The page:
Saturday, April 21, 2018


A popular topic on reddit and other websites is the concept of FI/RE (Financial Independence/Retire Early).  Basically you get a high paying job as soon as possible, save more than half your income, invest it, and have enough to fully retire on by your mid to late 30s (here's another overview).

It's a great concept--although execution may be a bit difficult--but being able to retire when you want to, on your own terms, is an amazing goal.  I remember some years ago when Mr Money Mustache first become popular, he was one of the first people to preach the gospel of early retirement.  The idea has only grown and spread since then.  The media also loves to pick up on these stories both because being able to retire by 30 is so rare and because nearly everyone would love to do that (examples herehere, here, and here).

I was able to do something similar (I am in no way financially independent as we rely on hubby's pension and social security plus my freelance work) when I stopped working at 43.  On the one hand it was wonderful to be free from the grind of a job, on the other hand I didn't realize how many hours there is to fill in a day when there is absolutely nothing you need to do!

There are several downsides to retiring early, including social isolation (especially if you are 30 years old and everyone you know has a regular work schedule).  And boredom can become a huge factor (I was so bored I wrote a book then decided to keep working on a freelance basis in the field I used to work in).  Plus there is always the fear that your financial plans can somehow be torpedoed, whether by an unstable financial market or a pension suddenly just shutting off (!).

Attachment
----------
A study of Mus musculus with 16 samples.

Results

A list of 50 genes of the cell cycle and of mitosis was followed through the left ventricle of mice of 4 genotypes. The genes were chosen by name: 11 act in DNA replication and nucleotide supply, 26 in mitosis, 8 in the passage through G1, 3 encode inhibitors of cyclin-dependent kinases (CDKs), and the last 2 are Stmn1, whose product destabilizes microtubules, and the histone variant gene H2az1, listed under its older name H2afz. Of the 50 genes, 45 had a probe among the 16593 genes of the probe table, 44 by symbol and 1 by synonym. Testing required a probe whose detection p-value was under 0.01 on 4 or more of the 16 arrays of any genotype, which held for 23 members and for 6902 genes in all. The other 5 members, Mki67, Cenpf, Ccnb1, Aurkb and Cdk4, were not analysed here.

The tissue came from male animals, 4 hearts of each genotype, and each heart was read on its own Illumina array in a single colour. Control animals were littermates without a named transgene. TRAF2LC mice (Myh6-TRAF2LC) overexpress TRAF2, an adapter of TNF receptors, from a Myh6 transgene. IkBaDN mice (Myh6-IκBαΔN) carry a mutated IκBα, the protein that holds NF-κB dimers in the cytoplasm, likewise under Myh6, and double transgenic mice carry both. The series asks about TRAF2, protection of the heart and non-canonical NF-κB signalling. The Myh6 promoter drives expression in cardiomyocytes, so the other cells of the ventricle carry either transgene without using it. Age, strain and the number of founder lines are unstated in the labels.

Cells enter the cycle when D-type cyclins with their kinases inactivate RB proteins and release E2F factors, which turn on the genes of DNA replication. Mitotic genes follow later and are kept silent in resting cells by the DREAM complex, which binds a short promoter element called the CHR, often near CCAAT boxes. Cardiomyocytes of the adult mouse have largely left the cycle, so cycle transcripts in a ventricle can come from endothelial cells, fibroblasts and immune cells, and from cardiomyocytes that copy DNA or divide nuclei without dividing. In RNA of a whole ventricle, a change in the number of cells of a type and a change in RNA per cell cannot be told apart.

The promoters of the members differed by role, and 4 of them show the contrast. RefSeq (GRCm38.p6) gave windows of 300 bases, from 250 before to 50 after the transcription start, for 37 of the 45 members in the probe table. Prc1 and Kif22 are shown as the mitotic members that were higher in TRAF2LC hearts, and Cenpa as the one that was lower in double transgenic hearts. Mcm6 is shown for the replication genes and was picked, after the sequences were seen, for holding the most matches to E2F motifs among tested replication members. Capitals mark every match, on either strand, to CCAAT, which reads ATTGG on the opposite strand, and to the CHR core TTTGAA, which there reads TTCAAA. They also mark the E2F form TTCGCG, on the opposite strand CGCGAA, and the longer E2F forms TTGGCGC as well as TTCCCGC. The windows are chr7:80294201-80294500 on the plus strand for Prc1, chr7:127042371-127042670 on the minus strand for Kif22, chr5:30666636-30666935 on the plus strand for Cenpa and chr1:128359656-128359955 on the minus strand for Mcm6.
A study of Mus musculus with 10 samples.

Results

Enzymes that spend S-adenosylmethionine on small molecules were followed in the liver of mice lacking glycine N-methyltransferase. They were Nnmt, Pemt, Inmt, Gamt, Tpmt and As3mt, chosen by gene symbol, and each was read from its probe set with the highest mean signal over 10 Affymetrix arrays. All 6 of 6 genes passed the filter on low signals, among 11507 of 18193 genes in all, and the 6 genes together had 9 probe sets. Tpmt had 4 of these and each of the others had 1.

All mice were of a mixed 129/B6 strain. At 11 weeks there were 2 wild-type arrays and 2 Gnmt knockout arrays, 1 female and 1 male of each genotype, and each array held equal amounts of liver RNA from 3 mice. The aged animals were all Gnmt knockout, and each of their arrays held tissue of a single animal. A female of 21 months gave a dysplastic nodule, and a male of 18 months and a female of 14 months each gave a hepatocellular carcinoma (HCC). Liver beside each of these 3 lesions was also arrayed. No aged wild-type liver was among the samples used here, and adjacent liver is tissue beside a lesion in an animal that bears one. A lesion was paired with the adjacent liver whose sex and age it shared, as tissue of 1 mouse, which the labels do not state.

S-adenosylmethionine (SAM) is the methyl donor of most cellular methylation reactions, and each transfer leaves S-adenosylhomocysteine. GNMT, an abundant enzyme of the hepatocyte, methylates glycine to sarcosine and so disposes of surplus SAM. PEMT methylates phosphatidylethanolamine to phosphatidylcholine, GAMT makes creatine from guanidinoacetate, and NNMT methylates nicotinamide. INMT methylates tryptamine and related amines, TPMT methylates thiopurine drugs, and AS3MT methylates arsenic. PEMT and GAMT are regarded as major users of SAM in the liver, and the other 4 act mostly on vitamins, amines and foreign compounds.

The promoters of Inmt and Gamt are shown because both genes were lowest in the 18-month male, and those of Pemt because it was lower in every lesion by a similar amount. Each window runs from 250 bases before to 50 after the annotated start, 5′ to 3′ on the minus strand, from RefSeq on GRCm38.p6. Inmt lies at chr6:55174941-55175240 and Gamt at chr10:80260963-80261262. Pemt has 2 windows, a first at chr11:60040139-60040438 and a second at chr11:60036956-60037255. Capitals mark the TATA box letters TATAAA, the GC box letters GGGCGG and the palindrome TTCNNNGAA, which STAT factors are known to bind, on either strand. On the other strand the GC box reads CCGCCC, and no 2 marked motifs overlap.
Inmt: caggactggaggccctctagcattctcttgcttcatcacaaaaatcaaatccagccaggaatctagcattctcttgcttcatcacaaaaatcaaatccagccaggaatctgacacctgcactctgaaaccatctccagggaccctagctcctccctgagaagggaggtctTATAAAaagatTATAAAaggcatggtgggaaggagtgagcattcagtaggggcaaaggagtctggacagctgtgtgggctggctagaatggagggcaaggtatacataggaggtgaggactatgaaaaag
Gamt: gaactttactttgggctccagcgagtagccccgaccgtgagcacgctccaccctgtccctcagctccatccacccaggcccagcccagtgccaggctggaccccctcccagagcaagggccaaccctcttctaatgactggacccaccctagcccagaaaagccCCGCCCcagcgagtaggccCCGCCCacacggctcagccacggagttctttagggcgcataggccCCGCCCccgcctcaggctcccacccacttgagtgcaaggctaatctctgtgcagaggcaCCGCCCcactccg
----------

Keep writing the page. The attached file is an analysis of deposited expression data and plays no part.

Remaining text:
I think everyone should aim for the basics of FI/RE which include becoming debt free, paying off your house, saving a lot of your income, living below your means, and investing your money.  Whether people actually quit working all together is a separate question.  Many people love their jobs, many people have no other way to fill all of the hours of their day and don't want to live like an elderly retiree when they are still quite young, and others may enjoy working and thus try out a bunch of different jobs which is easier to do--and to quit if you hate it--than if you depend on the job in question to eat and pay your bills.

Now I am not so much into the early retirement part (I am really looking forward to working my annual six week job at the WSOP) as I am into the financially independent part (which I am working diligently on as I speak!).